LIHU‘E — Representatives of the World Health Organization say data now shows secondary transmission of COVID-19 in asymptomatic individuals, or those showing no signs of the virus, is “very rare”.
While answering a media question during a Monday press conference, WHO epidemiologist Maria Van Kerkhove said for those who haven’t developed COVID-19 symptoms, like a fever or shortness of breath, “it appears to be rare that an asymptomatic individual actually transmits onward.”
The conclusion was drawn through studying contact tracing, Van Kerkhove said, and urged continued detailed contact tracing to better the world’s understanding of the virus.
In response to the new information from WHO, Mayor Derek Kawakami and the state’s COVID-19 Joint Information Center both emphasized the fluidity of COVID-19 recovery and reiterated the importance of mask wearing.
“We don’t know who may have an asymptomatic infection, so the best we can do is act as though we have the virus and behave accordingly,” Kawakami said in a statement to The Garden Island. “That means wearing masks when we are in close or prolonged contact with those outside of our household. It means to practice social distancing. It means to wash our hands, refrain from touching our faces and to clean surfaces often.”
A statement from the Joint Information Center echoed Kawakami’s response, pointing out the phases of recovery that have been activated as information and circumstances change, saying: “The state is in a different phase of recovery than it was weeks ago and guidance and measures will evolve as we continue to reopen and rebuild our economy.”
The Joint Information Center pointed out the difficulty of finding balance in some pandemic-related decisions, like the recent statewide peaceful demonstrations, demanding an end police brutality and protesting racism.
“Large gatherings in crowded conditions without social distancing and without the use of masks are responsible for increasing the spread of respiratory disease such as COVID-19,” the information center’s statement said.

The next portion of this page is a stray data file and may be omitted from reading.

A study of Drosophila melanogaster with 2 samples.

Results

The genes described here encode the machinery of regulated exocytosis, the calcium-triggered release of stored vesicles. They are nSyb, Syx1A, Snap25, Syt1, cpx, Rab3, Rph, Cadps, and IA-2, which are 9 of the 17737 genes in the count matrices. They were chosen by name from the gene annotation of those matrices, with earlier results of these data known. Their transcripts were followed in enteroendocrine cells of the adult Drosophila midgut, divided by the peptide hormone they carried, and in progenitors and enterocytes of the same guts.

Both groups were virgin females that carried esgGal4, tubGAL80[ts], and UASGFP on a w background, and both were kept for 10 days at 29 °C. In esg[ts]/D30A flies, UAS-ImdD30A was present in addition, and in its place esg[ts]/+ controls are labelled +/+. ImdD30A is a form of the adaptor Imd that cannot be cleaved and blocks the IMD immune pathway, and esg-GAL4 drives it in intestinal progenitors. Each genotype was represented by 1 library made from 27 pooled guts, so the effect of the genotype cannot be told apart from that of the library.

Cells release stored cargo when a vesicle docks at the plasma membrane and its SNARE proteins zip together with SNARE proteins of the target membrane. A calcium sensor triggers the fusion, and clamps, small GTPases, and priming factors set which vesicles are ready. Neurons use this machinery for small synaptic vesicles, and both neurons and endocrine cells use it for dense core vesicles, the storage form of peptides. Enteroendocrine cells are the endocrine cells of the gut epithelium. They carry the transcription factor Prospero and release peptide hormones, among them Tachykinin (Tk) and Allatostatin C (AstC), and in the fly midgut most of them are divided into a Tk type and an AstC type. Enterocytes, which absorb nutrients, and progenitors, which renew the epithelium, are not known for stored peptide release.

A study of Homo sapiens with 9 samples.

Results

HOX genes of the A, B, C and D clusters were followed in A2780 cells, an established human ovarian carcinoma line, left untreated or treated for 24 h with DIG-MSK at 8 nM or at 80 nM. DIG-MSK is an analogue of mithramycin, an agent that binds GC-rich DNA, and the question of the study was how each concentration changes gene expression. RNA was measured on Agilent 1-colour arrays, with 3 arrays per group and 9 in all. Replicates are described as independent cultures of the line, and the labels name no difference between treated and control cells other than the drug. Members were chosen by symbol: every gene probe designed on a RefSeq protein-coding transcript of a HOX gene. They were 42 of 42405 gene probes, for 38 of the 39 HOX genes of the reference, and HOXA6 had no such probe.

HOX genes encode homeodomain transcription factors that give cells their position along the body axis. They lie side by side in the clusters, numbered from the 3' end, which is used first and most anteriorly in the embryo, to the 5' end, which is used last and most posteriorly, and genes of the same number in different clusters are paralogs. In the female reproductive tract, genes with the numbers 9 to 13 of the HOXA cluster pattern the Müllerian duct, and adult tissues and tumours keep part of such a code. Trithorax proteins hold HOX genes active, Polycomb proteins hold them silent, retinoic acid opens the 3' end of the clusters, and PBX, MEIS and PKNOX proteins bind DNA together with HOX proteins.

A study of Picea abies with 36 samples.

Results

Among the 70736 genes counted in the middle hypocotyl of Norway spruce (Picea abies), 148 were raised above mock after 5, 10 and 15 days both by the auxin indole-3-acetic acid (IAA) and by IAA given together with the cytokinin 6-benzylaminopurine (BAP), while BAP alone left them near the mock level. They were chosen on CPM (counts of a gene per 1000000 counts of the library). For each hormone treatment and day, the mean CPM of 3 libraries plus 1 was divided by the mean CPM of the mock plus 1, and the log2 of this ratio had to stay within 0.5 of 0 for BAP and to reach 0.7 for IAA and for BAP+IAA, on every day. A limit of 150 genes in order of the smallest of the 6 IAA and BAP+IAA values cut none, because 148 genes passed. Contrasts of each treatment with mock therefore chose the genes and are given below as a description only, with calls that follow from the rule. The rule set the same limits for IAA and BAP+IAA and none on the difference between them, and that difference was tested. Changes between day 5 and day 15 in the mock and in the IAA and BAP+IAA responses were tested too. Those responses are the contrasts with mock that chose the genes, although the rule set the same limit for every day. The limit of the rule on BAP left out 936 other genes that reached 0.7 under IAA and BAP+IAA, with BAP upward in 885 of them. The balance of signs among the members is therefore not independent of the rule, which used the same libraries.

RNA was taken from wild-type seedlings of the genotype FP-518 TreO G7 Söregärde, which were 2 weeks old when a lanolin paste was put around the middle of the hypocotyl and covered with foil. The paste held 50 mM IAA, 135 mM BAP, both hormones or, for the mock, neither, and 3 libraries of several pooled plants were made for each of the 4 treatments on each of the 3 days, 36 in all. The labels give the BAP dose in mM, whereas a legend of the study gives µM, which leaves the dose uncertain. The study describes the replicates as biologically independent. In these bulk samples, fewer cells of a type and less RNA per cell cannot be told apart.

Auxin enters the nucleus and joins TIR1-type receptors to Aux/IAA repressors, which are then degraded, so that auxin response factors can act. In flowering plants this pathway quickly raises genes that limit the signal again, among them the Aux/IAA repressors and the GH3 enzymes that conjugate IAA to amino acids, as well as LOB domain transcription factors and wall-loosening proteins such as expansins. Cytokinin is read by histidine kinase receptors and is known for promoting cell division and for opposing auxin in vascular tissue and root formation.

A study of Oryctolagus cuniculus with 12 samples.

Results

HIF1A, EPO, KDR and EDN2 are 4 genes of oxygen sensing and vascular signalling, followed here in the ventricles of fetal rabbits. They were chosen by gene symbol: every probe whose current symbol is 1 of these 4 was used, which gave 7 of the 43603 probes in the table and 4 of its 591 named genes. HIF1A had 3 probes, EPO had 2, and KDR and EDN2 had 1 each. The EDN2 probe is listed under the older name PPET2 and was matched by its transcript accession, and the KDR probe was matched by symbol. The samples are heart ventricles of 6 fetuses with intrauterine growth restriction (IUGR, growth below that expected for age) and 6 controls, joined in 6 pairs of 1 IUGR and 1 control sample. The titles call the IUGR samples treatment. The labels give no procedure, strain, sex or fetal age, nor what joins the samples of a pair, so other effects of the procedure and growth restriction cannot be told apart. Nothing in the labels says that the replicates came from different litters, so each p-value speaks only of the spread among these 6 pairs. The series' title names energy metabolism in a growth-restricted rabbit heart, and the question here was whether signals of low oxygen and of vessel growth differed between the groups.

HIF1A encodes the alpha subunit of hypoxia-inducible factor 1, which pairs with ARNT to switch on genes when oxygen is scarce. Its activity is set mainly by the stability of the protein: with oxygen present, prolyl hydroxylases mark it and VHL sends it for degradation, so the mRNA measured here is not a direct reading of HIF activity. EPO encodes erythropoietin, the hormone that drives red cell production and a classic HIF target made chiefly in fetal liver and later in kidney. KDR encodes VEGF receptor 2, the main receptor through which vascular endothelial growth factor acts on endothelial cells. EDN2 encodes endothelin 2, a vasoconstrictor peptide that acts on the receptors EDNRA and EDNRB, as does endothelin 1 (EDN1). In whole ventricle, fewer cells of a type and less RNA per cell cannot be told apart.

It continued: “The recent peaceful protests in Hawai‘i have been a justifiable expression of the people’s outrage over national events and racism. It’s sometimes difficult to find the right balance in these situations. The Governor is asking protesters to consider self-quarantining and monitoring their health for a few days in order to protect others.”
On Kaua‘i, Kawakami was at Saturday’s demonstration with his family, noting the vast majority of people were wearing masks and “respected our physical space”.
“I’m proud of our response across our state and especially here on Kaua‘i in terms of our ability to peacefully protest. People across the nation and around the world are hurting deeply and have been moved to act,” he said in a statement to TGI, Monday, acknowledging the risk of such a gathering during a pandemic.
“Yes, large gatherings of people increases the risk of exposure, but given the current circumstances, we knew these demonstrations were going to occur. Our administration and Kaua‘i Police Department acknowledged our community’s desire to safely express their emotions, and we extended our services to support those efforts as best we’re able,” he said.